When faced with a large windfall, most investors naturally rely on Dollar Cost Averaging (DCA) to gradually invest their portfolio. The touted benefits of DCA are usually (1) avoiding a large market decline right after investing and (2) buying more shares when prices are lower.
Academic and industry research, however, has shown that just investing right away (Lump Sum Investment or LSI) is generally the superior strategy when looking at returns or even risk-adjusted returns. But since DCA remains quite popular with both individual investors and investment professionals, we must wonder when this investment strategy makes sense.
First, let’s look at the average returns earned by employing DCA vs Lump Sum Investment when investing in US stocks. Let’s consider DCA over 4 time periods: equal monthly investments over 6 months, 1 year, 2 years, and 5 years.
Note: Returns are based on S&P 500 data from 1/1928 to 4/2013. Returns over 1 year are annualized.
Why are returns for DCA so much lower than LSI? Primarily because DCA is not fully invested in an investment that, on average, earns a higher return than cash. This difference in performance can be considered the cost of following DCA instead of LSI. If we ended our analysis here, DCA looks like a strategy that is quite costly to follow.
To explore this further, let's add a market factor I frequently rely on: valuations using P/E ratios. When valuations are high and expected stock returns are low, perhaps the performance costs of DCA would drop. The following table shows the performance gap between LSI and DCA, grouped by initial P/E.
Note: Returns are based on S&P 500 data from 1/1928 to 4/2013. Returns over 1 year are annualized. P/E ratios use 20 years of earnings.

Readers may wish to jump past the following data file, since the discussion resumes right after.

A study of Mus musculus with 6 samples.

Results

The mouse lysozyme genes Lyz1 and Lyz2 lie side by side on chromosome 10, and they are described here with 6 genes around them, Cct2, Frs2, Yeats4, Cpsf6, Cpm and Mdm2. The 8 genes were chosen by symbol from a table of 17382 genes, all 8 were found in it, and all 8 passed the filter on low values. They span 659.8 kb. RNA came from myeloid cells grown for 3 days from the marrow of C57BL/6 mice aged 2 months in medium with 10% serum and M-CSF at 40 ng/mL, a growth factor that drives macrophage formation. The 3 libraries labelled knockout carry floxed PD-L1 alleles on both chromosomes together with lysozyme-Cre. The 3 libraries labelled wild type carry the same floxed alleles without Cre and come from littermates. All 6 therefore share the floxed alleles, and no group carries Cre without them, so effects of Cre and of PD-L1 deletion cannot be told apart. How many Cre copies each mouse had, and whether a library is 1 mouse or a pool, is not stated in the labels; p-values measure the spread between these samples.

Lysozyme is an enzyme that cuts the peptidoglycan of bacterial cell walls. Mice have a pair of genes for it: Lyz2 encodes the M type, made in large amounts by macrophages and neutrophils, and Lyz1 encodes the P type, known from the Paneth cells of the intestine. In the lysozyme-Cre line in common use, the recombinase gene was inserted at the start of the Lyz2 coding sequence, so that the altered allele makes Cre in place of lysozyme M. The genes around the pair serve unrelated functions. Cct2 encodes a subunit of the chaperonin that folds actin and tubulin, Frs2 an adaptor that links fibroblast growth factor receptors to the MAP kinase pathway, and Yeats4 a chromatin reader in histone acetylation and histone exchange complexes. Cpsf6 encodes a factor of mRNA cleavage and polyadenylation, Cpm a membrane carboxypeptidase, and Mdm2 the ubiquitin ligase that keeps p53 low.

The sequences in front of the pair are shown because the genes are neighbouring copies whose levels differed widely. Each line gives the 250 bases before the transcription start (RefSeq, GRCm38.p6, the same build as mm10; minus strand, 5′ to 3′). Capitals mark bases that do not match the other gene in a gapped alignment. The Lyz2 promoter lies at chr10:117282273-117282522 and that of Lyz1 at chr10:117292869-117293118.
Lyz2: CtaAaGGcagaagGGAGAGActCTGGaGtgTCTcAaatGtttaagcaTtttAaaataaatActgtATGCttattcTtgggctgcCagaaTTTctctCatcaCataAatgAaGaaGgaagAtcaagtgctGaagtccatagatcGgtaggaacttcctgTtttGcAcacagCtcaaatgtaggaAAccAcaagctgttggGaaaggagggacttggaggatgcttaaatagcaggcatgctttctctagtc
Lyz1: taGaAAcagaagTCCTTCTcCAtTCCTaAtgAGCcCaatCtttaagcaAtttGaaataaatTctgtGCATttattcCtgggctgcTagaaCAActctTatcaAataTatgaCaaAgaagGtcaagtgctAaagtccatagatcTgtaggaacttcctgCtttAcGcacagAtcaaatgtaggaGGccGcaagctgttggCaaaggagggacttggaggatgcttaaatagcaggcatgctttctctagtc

Since stock returns are highest when valuations are low, the performance costs of DCA are most significant under those conditions. When P/E ratios are high, the costs of DCA are much lower.
Comparing risk-adjusted returns below, DCA actually beats LSI when P/E ratios are high. When P/E ratios are low, the cost of using DCA remains high on a risk-adjusted basis, especially for longer periods.
Note: Risk-adjusted returns are calculated as Sortino ratios using S&P 500 data from 1/1928 to 4/2013. P/E ratios use 20 years of earnings.
To determine how and when to use Dollar Cost Averaging, you should weigh the behavioral and risk benefits against the performance costs. And performance costs depend largely on valuations.
When valuations are low, the performance costs of DCA are high. Stick with Lump Sum Investment if you’re comfortable, or limit your DCA time period to less than a year to minimize the cost in performance.
When valuations are high, costs of DCA are much lower. Feel free to use DCA even over periods longer than a year.
And where are we today? As of 6/25/2013 with the S&P 500 around 1,588, the current P/E ratio is in the highest quartile. Feel free to DCA.